Euro Soars to New High Above $1.37 Amid Worries About U.S. Economy

Associated Press | July 10, 2007
Matt Moore

FRANKFURT, Germany (AP) -- The euro soared to an all-time high against the U.S. dollar on Tuesday, topping the $1.37 mark as key U.S. retailers and homebuilders lowered their growth forecasts, causing more concern about the American economy.

The British pound, which has been trading around 26-year highs against the dollar, briefly touched $2.0273 after reports said that gains in British consumer prices are above the Bank of England's target in the past year, but that inflation was dropping back sharply.

A higher euro makes goods from the 13-nation currency zone more expensive for customers abroad, or cuts into manufacturers' profits if they try to keep the U.S. dollar price of products constant.

Along with the rise in the pound, the stronger euro also makes visits to much of Europe more expensive for travelers from elsewhere and makes shopping trips to the U.S. more appealing to Europeans.

"The dollar is a basket case," said Peter Schiff, president of Euro Pacific Capital Inc. "We are going to pay the piper for years of having the underlying fundamentals of our economy disintegrate beneath our feet."

Given the state of the U.S. economy, he said, the dollar could continue to fall in the coming years against the euro to $2.50 or even $3.

The euro hit a new high of $1.3738 before falling back to $1.3718, above the euro's previous high of $1.3682 reached on April 27 and above the $1.3623 it bought late Monday in New York.

In late European trading, the pound was changing hands at $2.0240, up from $2.0151 late Monday. The dollar was also lower against the Japanese currency, drifting to 122.10 yen from 123.33 yen.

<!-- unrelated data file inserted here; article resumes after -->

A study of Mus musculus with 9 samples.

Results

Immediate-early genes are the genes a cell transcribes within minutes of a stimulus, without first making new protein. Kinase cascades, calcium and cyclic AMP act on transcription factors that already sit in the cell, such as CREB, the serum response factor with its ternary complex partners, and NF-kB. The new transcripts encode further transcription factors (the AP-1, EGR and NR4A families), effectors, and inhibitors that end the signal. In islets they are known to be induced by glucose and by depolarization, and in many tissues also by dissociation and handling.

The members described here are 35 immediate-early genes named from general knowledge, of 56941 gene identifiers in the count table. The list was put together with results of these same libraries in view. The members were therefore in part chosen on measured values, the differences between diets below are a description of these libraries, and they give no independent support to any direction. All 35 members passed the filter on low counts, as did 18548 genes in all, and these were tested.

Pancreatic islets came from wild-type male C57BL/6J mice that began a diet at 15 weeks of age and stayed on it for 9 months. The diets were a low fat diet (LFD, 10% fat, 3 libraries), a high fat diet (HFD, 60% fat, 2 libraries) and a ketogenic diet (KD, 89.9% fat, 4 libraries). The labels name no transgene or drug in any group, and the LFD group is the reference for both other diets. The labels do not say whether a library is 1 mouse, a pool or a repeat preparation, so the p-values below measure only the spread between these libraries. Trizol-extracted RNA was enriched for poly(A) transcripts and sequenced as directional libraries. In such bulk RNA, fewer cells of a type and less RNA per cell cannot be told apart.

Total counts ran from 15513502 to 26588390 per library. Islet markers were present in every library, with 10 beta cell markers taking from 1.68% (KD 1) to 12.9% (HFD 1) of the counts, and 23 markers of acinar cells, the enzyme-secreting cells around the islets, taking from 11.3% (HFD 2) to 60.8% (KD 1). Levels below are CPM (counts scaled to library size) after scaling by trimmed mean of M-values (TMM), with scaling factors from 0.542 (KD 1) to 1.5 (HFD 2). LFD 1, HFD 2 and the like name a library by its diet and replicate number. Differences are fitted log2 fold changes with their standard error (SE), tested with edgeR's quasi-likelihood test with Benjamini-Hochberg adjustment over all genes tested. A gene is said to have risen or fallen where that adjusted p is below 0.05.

The U.S. dollar was trading at 1.0509 Canadian dollars, compared to 1.0484 late Monday in New York, after the Bank of Canada raised its key overnight rate by a quarter of a percentage point to 4.5 percent on Tuesday.

The dollar's plunge against the euro and pound came as U.S. stocks fell, nervously awaiting a speech later Tuesday from U.S. Federal Reserve Chairman Ben Bernanke and reacting to forecasts from retailers such as Home Depot Inc., Sears Holding Corp. and homebuilder DR Horton Inc. that raised concerns about whether corporate America's growth will give stocks the boost investors have been hoping for.

Adding to the dour news on Wall Street was a move by Standard & Poor's Ratings Service to place credit ratings on 612 classes of residential mortgage-backed securities backed by U.S. subprime collateral under review for a possible downgrade. Subprime mortgage loans are those made to people with questionable debt repayment records.

Any indication from Bernanke that he believes price pressures are rising could heighten worries about a possible interest rate increase and give the stock market a jolt. The Fed has left the benchmark rate unchanged at 5.25 percent for a year now, after two years of steady increases.

That contrasts with the European Central Bank, which has been raising rates regularly and is expected to do so again to 4.25 percent in September; and the Bank of England, which last week increased its benchmark rate to 5.75 percent, a six-year high.

Higher interest rates, a weapon against inflation, can bolster a currency by giving better returns on fixed-income investments.

The euro rose from a low of 82 U.S. cents in October 2000 to its previous high in April of $1.3682 on concerns over the enormous U.S. trade and budget deficits.

But a string of rate increases by the Fed had helped cushion the decline of the dollar.

The euro began its most recent run against the dollar in June after the European Central Bank lifted its benchmark rate to 4 percent. Further increases would be aimed at countering threats of inflation in the euro zone, a bloc of 318 million people that accounts for more than 15 percent of the world economy.

On Tuesday the European Union gave Cyprus and Malta final approval to start using the euro, raising to 15 the number of nations that will be using the currency when the two Mediterranean nations join the euro zone on Jan. 1.

Michael Schubert, a currency analyst for Commerzbank, said it was fair to expect the euro "to trade around $1.35 to $1.37 for the short and middle term."